Every year we mark 21 June as the longest day of the year. But is our body aware of this on a physiological level? Does the average human know on a subconscious level that the day gets longer or shorter over the course of the year?
Not really. To the mind, a day is a day.
The circadian rhythm, which derives from the Latin term circa diem – about a day – is, to put it in its most basic terms, a 24-hour cycle that our mind goes through that helps us wake up in the morning and makes us sleepy come night time.
Although the primary cue for the clock is indeed light, which there has been a pleasantly reliable source of throughout evolution, our bodies have become so in tune with a 24-hour day that even if we were kept in a constant state of dark or light, it would barely affect our body clock.
For example, if you were to live on the North Pole, where it is six months light and the other half of the year dark, for a year without a wristwatch, you would intuitively get to know your circadian rhythm. It would tell you when it is the right time to go to bed and wake up, in spite of the natural lighting.
Unfortunately though there are a few complications with that. Your circadian rhythm is not a calendar day exactly, it is closer to 24 and a half hours. "So if we're under constant conditions," Stuart Peirson, associate professor at Oxford University and part of the Sleep and Circadian Neuroscience Institute, told IBTimes UK, "we'll wake up half an hour later every day".
The science behind it is fascinating. It anticipates everything. It knows when you are about to wake up and sends a surge of cortisol – a steroid hormone that works to increase blood sugar – throughout your body, and tells you when to go to sleep at night.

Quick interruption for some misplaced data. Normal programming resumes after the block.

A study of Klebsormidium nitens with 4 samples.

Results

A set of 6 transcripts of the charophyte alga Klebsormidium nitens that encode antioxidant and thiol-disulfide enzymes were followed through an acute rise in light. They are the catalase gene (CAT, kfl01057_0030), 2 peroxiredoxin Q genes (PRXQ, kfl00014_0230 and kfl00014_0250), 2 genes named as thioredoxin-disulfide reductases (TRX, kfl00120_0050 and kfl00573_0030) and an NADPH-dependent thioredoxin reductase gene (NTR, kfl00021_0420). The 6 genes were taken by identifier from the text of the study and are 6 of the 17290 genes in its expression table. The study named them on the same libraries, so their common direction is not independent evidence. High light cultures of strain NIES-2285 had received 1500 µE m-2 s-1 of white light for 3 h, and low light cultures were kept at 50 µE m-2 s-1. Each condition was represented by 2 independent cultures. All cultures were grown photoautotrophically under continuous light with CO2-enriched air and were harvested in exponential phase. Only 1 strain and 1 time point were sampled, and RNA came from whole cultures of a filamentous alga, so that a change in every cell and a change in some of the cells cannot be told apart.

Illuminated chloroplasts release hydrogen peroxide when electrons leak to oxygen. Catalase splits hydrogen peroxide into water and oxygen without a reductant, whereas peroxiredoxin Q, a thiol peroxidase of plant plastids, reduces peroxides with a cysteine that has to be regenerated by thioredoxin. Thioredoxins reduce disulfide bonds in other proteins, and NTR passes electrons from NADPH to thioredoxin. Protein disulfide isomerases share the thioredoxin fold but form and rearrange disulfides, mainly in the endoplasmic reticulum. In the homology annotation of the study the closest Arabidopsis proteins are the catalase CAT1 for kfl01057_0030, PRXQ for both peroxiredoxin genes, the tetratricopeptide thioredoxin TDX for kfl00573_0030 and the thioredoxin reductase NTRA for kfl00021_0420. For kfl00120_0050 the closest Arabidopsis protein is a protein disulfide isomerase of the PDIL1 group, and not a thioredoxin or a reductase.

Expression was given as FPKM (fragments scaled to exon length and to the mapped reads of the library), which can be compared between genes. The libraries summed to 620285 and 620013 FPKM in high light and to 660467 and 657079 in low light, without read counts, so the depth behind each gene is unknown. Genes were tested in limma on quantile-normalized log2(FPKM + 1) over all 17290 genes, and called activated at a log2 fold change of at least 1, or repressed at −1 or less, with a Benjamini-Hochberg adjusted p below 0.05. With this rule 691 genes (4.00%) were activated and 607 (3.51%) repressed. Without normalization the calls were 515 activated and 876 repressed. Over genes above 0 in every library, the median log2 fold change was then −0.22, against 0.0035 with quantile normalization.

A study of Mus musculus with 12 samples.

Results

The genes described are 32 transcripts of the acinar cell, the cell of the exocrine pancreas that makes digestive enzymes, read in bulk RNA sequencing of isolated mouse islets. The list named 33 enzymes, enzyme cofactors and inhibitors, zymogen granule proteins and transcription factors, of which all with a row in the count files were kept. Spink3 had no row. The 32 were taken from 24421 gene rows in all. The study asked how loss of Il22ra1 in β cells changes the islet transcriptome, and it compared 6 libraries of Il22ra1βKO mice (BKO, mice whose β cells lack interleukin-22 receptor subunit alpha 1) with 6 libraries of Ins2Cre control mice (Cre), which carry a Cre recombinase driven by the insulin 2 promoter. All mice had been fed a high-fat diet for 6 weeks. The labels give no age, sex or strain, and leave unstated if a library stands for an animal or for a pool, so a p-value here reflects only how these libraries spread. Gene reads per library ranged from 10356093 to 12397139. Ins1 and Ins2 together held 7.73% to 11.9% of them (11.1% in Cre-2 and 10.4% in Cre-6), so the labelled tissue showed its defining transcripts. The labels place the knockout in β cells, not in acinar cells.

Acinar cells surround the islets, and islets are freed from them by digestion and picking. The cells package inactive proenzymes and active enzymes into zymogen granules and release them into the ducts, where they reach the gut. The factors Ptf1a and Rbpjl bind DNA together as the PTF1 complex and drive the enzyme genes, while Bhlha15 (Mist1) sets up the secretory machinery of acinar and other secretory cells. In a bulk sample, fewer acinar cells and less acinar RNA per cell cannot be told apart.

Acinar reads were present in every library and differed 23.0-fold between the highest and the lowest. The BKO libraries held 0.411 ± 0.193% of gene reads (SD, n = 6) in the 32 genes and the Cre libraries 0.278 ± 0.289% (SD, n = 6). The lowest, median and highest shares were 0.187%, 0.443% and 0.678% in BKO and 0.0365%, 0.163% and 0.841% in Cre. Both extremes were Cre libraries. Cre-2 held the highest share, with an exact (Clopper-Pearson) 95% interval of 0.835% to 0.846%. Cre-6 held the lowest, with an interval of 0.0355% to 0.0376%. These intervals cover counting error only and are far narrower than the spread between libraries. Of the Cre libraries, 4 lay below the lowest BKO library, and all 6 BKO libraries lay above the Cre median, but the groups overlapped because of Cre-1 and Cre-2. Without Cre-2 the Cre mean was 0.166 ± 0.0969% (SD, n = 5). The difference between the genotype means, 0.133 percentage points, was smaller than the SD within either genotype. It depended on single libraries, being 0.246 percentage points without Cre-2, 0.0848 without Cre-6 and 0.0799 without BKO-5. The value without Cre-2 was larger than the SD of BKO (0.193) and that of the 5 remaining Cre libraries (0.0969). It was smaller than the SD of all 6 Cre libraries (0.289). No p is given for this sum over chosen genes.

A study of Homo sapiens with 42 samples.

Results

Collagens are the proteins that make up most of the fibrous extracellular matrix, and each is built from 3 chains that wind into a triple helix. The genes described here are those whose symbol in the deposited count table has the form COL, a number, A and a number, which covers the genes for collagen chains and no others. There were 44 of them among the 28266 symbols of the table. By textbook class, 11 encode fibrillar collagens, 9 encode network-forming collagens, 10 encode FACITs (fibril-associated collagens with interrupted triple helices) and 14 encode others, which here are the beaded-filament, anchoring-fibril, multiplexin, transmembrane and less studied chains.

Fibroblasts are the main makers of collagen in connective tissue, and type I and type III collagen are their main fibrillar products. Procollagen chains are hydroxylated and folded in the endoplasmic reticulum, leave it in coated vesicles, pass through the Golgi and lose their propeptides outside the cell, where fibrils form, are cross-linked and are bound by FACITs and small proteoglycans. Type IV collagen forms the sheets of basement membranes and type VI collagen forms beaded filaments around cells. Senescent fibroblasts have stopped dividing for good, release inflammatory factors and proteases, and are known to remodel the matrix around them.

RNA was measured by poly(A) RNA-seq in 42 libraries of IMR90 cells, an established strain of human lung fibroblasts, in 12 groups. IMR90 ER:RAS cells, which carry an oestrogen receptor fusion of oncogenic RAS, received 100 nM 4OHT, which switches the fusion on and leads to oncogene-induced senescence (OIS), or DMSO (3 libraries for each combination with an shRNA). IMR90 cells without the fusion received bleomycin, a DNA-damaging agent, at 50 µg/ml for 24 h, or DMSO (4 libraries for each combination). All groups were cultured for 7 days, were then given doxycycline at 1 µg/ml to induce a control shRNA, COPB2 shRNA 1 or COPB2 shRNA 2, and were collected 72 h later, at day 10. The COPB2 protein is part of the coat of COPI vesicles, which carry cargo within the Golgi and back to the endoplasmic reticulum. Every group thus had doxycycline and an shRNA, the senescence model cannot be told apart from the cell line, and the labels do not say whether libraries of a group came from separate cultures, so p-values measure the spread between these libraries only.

"You're changing your physiology going from sleep to awake, which doesn't happen instantly. Your body is getting you ready to wake up in advance of when you have to. It actually saves time by being able to change your physiology in advance," says Peirson.
"We've evolved for billions of years and evolved in an environment that can change quite dramatically over a 24-hour cycle, and as a result our bodies have evolved a cycle that matches that of the earth."
It would be easy to think that, thanks to the complexity of the human body, this is something that is exclusive to us. It is not. Everything from man to bacteria has a circadian rhythm.
"It's the same mechanism in fruit flies, and we haven't shared a common ancestor with them in over half a billion years!" Peirson added.
But if longer hours of sunlight do not affect your circadian rhythm, then what does?
Peirson: "The biggest factors are things like jet lag and shift work. On late shift work, we're trying to operate when our bodies are basically telling us that we should be asleep, which alters our concentration and attention. In turn, our physiology is being changed so that our digestive systems and metabolism carry on working.
"A number of studies have shown that people who've been on shift work for long periods are actually more at risk of things like cardiovascular disease."
We experience a similar issue when travelling across time zones. If you were to travel to New York, which is currently five hours behind the UK, in the short run "our clock thinks it's one time whereas the environment in that new time zone is completely different. We have a mismatch between our internal clock and the external clock, which is why you don't feel hungry at the right time, why we can't sleep at night and why we wake up early in the morning."
The reason it goes back however is because our circadian rhythm is able to adapt to the new settings and can shift our clock by around an hour per day. "So if you go for a week's trip, you've just about caught up by the time you have to fly back."